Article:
Thomas Wolfe may have been correct in a literal sense. But, that doesn’t mean you can’t go back to the place of one of your greatest moments in life, and have the sights, sounds, and experiences come flooding back in a tidal wave of emotional euphoria.
It has been 10,254 days since I last watched a hockey game in the 1980 Arena, now known as the 1980 Rink Herb Brooks Arena. That happened to be on February 24, 1980 when I saw the Soviet Union pound Sweden, 9-2, in the last game of the Olympic hockey tournament. Earlier that day, I witnessed USA score three goals in the third period, the last shorthanded, to beat Finland, 4-2, and clinch the gold medal, officially completing the “Miracle on Ice.”
After those final games were the awards ceremony and the famous scene when Mike Eruzione invited the entire team onto the small podium to share in the moment together for one last time. I captured those experiences a few years ago when the movie, Miracle came out.
I’ve been back to Lake Placid many times since 1980 for vacations or for my wife to compete in cross country ski events at Mt. Van Hoevenberg for the Empire State Winter Games and the Lake Placid Loppet. A lot has changed in Lake Placid while at the same time nothing has changed.
The venues have been updated, modernized, or in some cases completely rebuilt. The 70 meter (where I watched the Nordic Combined ski jumping portion of the event) and 90 meter ski jumps were torn down, replaced by the now standard 90 and 120 meter jumps. Added to this site is the Freestyle Aerial Center for the new freestyle ski events that have become popular in the X-Games era.
The luge and bobsled tracks, sites where I watched many an event during the Olympics and afterwards, had a complete renovation and now includes skeleton. The bobsled and skeleton track contains classic turns such as Cliffside Curve, Shady Corner Curve, and the famed Zig-Zag Curves.
One of my favorite PA calls in sports is Tom Carnegie during the Indianapolis 500 time trials when he exclaims as a driver begins his run, “Heeeee’s on it!” Another favorite is the Lake Placid bobsled PA announcer when the sledders would go through those two turns: “They’re zigging … they’re zagging.”
Whiteface has continuously upgraded their facilities as has the cross country ski trails. The speed skating oval where I got to see Eric Heiden make history has had its systems updated, and the two hockey arenas have been maintained throughout the years. The Olympic Center, which contains the hockey rinks (which also includes the 1932 Rink Jack Shea Arena and the USA Rink), added the 1932 and 1980 Lake Placid Winter Olympic Museum.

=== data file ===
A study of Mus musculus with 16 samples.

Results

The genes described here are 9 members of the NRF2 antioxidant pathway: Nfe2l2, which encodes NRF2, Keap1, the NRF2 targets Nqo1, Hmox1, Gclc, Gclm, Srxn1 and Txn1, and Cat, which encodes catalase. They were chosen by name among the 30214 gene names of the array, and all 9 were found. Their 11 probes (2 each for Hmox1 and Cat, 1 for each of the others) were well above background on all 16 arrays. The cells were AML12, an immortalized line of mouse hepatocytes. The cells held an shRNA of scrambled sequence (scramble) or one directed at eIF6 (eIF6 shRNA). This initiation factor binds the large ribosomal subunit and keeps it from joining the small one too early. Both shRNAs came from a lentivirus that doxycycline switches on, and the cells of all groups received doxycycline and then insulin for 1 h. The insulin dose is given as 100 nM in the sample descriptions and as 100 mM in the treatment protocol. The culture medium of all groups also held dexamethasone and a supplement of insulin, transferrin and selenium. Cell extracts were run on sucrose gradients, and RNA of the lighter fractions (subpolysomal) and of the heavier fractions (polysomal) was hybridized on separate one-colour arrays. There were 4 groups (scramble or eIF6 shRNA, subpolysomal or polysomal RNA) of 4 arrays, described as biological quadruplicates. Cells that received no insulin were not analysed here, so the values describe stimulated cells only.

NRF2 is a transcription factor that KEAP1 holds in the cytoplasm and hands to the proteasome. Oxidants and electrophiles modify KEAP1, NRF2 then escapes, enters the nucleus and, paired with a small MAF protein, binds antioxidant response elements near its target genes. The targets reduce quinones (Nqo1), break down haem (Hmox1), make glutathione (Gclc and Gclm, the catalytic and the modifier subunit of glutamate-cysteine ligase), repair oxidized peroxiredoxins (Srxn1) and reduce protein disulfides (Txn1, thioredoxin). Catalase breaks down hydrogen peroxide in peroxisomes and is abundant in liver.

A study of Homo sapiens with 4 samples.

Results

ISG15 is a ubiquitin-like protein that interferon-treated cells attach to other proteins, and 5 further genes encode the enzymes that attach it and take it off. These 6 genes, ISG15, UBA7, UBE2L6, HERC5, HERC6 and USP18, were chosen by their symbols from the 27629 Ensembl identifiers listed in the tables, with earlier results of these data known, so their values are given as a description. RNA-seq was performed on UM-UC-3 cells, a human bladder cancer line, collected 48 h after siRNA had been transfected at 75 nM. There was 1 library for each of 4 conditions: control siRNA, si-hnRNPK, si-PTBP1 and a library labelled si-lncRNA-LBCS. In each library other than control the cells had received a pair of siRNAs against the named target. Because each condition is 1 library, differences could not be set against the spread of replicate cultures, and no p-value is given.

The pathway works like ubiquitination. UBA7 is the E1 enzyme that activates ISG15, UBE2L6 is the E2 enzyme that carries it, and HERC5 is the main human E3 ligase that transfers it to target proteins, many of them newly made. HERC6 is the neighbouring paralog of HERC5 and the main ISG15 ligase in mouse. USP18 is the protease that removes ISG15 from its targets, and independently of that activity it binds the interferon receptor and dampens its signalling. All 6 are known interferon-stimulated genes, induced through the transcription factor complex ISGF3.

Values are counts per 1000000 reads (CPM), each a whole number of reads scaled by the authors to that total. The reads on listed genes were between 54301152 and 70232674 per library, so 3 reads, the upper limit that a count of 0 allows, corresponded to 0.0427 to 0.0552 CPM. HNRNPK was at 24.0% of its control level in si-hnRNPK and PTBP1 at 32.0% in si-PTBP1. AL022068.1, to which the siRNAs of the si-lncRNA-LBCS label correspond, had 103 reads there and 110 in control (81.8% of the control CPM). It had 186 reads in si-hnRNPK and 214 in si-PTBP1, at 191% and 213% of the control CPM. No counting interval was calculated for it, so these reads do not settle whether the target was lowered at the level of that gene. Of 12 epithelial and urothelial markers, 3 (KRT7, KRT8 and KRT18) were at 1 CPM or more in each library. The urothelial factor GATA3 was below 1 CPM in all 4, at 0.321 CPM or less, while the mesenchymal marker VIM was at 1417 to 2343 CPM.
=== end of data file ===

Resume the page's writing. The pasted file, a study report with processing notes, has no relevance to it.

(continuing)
The town itself has seen some development of new stores, motels, and restaurants. Gone is the small “hut” on the hill in front of the arena where a trumpet player stood on top of the roof playing the national anthem with the crowd singing along after the USA-Finland game.
Yet, in many ways — in the important ways — Lake Placid hasn’t changed a bit. Thankfully.
It is still the same quaint yet busy mountain resort town that never allowed its fame to get to itself. It is a community that knows no matter how many tourists and sporting events come to this world famous village, it must always resist turning itself into a commercialized characterless tourist trap.
The architecture all fits together without any sort of Walmart abomination. You can still walk down the streets enjoying the little shops, many of which still sell 1980 Winter Olympic merchandise, cut off to a side alley and walk along simmering Mirror Lake, or hop into any one of the many eateries, pubs, or fine dining establishments, all with a gorgeous view of the Adirondack mountains.
Everytime I’ve been to Lake Placid, my time lives up to the name — a placid, calming, enjoyable experience. However, of all the times I’ve been back to Lake Placid and even stepped into the 1980 Rink, I never saw another hockey game. Until today.
It is interesting how life so often goes in circles. When I snuck into the USA-Finland game with a pass that was only good for outdoor events, there were no seats to be had. Wondering in the press overflow area of the upper bleacher level, I was invited to sit amongst the folks covering this historic game.
Little did I know at the time that for my next hockey game in this rink, I would be sitting in the press box doing the job of those people I sat amongst 28 years, 27 days earlier.
Little did I know that when those famous words were uttered by Al Michaels (“Do you believe in Miracles? YES!”), I too would one day be in that very same spot helping to broadcast a hockey game.
As I gaze over the rink, watching the game on the ice, I can still hear the “U!S!A! U!S!A!” chants, see the players in red, white and blue haul their sticks and gloves in the air as the final buzzer sounded, and be part of a crowd jumping and hugging in joy.
Thomas Wolfe was only partially correct. You may not be able to go home again. But, you can go back to your most memorable moments.